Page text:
Presenter: Kyung E. Rhee, MD, MSc, MA
Summary: Eating disorders (ED) are common and have significant morbidity and mortality. EDs are the third most common psychiatric disorder of adolescents with a prevalence of 0.5-2% for anorexia and 0.9-3% for bulimia; 90% of patients are female. Mortality rate can be as high as 10% for anorexia and 1% for bulimia. Diagnosis is formally guided by DSM 5 criteria, but the mnemonic SCOFF can be useful:
- Do you feel or make yourself SICK when eating?
- Do you feel you’ve lost CONTROL of your eating?
- Have you lost one STONE (14 lbs. developed by the British) of weight?
- Do you feel FAT?
- Does FOOD dominate your life?
A detailed history is needed as patients with ED may engage in secretive behaviors to hide their illness. After diagnosis, treatment may be outpatient or inpatient. Medical issues hospitalists are likely to see with inpatients include re-feeding syndrome, various metabolic disturbances, secondary amenorrhea, sleep disturbances, and for patients with bulimia, evidence of dental or esophageal trauma from purging. Differential diagnoses include: IBD, thyroid disease, celiac, diabetes, and Addison’s disease.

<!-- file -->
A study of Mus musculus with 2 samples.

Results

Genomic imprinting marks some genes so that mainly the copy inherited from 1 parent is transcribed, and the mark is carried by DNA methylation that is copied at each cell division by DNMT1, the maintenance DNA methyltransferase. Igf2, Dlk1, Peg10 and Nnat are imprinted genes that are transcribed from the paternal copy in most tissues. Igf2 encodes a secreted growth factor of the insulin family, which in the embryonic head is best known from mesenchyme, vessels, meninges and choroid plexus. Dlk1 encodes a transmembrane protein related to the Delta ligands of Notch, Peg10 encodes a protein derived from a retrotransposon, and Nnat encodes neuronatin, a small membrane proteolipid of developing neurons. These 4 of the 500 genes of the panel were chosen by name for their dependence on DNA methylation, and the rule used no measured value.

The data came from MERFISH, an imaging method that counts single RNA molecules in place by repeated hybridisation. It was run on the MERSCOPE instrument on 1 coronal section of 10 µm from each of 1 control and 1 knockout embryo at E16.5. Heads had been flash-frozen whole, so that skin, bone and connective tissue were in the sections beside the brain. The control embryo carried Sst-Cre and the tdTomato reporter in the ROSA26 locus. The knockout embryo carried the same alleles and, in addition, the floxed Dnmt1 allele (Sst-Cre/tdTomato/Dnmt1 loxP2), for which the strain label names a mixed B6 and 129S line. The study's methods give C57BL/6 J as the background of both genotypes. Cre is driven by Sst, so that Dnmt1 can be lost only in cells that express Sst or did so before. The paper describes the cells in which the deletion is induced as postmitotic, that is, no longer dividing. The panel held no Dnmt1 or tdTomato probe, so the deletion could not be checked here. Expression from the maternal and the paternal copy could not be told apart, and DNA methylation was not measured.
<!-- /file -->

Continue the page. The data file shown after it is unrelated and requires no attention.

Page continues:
Hospitalists’ role in treatment is as part of a multidisciplinary group to manage the medical complications. Inpatient management includes individual and group therapy, monitored group meals, daily blind weights, bathroom visits, and focused lab studies. There is no “cure” and only ~50% of patients are free of ongoing symptoms after treatment.
- Eating disorders are common in adolescent females and have significant morbidity and mortality.
- Hospitalists’ role is diagnosis via careful history and management of medical complications with an eating disorder team. TH
Dr. Pressel is a pediatric hospitalist and inpatient medical director at Nemours/Alfred I. duPont Hospital for Children in Wilmington, Del., and a member of Team Hospitalist.